Is Love Stronger Than Death?

Pictured  is the 14th-century tomb effigy in Chichester Cathedral that inspired Philip Larkin’s poem “An Arundel Tomb.” It is the tomb of Richard FitzAlan, 10th Earl of Arundel (1306-1376), and his wife, Eleanor of Lancaster, Countess of Arundel (1311- 1372) (Notice how Richard’s glove has been removed so he can grasp the flesh of Eleanor’s hand.)

ArundelTomb1

The poem ends with these evocative lines:

Time has transfigured them into Untruth. The stone fidelity They hardly meant has come to be Their final blazon, and to prove Our almost-instinct almost true: What will survive of us is love.

Philip Larkin is generally considered one of the greatest English-language poets of the last century. However this last line above is uncharacteristic of Larkin’s typically downbeat poetry. Consider its contrast with this stanza from one of his poems about death:

This is a special way of being afraid No trick dispels. Religion used to try, That vast, moth-eaten musical brocade Created to pretend we never die, And specious stuff that says No rational being Can fear a thing it will not feel, not seeing That this is what we fear – no sight, no sound, No touch or taste or smell, nothing to think with, Nothing to love or link with, The anesthetic from which none come round.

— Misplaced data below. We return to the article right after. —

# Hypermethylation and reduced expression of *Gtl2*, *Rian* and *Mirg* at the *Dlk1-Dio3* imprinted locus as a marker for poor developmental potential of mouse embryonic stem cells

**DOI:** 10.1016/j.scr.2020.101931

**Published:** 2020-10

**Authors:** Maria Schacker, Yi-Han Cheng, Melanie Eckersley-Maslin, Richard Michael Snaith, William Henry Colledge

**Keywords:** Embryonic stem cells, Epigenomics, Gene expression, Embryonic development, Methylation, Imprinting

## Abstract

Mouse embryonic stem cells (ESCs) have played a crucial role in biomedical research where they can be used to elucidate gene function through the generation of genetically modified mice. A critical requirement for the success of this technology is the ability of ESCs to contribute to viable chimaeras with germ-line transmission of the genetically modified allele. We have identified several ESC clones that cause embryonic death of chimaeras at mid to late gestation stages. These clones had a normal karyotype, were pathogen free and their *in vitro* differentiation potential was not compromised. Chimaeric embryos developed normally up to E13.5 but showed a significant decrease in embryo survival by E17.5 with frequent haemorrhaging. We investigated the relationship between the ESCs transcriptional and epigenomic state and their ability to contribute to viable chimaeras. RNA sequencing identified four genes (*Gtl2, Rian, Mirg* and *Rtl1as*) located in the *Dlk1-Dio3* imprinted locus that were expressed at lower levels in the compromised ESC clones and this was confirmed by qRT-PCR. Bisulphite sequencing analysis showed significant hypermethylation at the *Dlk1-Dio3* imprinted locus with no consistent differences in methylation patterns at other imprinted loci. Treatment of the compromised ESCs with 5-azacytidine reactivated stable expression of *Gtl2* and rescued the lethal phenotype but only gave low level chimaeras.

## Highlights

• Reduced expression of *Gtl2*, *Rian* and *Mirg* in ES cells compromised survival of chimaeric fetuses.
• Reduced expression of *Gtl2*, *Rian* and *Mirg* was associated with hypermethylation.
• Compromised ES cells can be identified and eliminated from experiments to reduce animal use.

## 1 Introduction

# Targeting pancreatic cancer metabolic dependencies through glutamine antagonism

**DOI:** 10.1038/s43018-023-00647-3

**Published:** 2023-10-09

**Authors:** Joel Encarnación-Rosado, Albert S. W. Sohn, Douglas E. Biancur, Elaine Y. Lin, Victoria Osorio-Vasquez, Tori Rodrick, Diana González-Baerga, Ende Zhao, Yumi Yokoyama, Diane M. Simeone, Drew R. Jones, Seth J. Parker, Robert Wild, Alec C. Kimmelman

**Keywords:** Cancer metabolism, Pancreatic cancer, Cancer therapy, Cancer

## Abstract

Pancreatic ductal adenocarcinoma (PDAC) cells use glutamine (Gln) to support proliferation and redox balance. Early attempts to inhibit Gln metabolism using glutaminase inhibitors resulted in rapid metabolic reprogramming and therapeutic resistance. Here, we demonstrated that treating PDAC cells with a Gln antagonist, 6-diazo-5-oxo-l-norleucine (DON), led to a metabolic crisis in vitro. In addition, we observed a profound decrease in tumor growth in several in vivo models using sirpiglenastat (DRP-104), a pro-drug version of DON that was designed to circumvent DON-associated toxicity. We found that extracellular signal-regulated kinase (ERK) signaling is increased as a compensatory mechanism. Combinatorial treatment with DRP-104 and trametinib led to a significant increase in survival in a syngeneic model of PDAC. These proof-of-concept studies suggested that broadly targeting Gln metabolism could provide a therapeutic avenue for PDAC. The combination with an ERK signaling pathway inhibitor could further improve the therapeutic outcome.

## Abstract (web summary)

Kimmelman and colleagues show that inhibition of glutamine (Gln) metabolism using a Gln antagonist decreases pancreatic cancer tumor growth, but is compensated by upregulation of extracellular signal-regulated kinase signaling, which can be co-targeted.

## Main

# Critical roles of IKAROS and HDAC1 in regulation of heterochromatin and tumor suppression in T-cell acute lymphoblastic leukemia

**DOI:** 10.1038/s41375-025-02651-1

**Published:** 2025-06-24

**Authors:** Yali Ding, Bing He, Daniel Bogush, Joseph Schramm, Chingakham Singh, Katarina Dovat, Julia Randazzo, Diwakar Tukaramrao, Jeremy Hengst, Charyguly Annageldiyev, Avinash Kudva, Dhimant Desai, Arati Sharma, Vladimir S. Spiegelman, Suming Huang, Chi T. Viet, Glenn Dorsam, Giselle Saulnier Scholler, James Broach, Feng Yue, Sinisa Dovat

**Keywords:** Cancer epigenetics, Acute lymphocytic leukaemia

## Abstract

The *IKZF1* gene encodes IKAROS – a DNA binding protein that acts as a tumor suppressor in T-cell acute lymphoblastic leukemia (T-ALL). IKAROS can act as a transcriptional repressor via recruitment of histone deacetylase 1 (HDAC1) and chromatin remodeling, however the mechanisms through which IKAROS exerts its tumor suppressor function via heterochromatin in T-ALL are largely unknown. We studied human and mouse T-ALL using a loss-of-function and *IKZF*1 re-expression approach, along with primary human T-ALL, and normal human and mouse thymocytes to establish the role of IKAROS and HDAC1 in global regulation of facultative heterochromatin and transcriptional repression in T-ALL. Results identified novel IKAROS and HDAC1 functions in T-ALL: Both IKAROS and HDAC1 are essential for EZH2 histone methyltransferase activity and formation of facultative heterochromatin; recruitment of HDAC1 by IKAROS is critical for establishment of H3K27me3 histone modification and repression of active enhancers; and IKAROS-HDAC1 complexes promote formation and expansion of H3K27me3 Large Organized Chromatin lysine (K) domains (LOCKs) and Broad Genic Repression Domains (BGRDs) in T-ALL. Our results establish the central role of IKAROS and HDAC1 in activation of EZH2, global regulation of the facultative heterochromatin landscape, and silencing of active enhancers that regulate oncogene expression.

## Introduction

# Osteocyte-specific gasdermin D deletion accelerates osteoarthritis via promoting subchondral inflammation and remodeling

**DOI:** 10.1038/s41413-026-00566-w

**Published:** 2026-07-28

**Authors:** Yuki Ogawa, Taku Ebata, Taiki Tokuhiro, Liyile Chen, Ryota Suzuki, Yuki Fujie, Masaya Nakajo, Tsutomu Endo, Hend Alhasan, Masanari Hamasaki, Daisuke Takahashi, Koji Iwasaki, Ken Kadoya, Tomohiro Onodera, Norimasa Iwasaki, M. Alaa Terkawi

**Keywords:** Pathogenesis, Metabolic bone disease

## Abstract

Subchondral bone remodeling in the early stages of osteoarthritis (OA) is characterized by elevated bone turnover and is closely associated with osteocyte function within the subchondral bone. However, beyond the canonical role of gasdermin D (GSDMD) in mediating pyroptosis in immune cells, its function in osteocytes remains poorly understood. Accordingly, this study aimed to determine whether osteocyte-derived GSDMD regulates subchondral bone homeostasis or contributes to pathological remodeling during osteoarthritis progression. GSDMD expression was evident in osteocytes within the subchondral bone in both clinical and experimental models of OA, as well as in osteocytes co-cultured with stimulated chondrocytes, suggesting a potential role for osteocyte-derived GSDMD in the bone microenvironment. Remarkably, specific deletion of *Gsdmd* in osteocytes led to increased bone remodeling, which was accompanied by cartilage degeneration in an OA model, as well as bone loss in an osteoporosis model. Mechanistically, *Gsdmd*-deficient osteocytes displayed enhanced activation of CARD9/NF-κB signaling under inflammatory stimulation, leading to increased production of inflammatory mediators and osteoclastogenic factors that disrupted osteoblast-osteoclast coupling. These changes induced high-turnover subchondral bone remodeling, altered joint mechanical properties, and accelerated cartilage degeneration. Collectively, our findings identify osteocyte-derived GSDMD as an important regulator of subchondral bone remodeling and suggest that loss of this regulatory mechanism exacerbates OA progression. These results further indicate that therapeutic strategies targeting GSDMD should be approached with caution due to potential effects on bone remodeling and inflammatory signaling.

Against this backdrop, what does the line “What will survive us is love” mean? Larkin may be implying that the lovers are joined in death as they were in life, at least until the ravages of time finally erase their stone figures. Maybe the joined hands were the sculptor’s idea and do not reflect a real love at all–perhaps that is the meaning of the line “transfigured them into untruth.” Larkin himself said the tomb deeply affected him, but he also scribbled at the bottom of one draft: “love isn’t stronger than death just because two statues hold hands for six hundred years.” Yet the poem doesn’t say that “love is stronger than death.” It says love survives us, and to survive something doesn’t make you stronger than it.

Still survival is a partial victory. But what might survive? Perhaps it is the enduring belief that love is remarkable, that its appearance in a world of anger and cruelty is so astonishing. Or perhaps it is that traces of our love reverberate through time, in ripples and waves that may one day reach peaceful shores now unbeknownst to us. Maybe love doesn’t disappear into nothingness after all, maybe love is stronger than death.


3 Comments

  1. it is literally true we have babies and they survive us

    • So do other people’s babies, survive you – a proportion of whom will be “accidents”, but who survive just as well. Until these babies, too, die. And almost all, in their lifetime would have regarded themselves as people in themselves – and not as the survival of someone dead. Are you suggesting that you are not a person in your own right, but instead that you are really your dead father() or mother() or both() – surviving?

  2. An interesting point. For many years I have studied acaual in formational patterns – the best known being “EVP”. And whilst the Spiritualism paradigm is a failed hope, the survival of an intelligence is demonstrable and replicable in physical terms. Furthermore thie connection seems to be best acquired through strong affection. These are just lab rsults, which will meet with inevitable disfavour.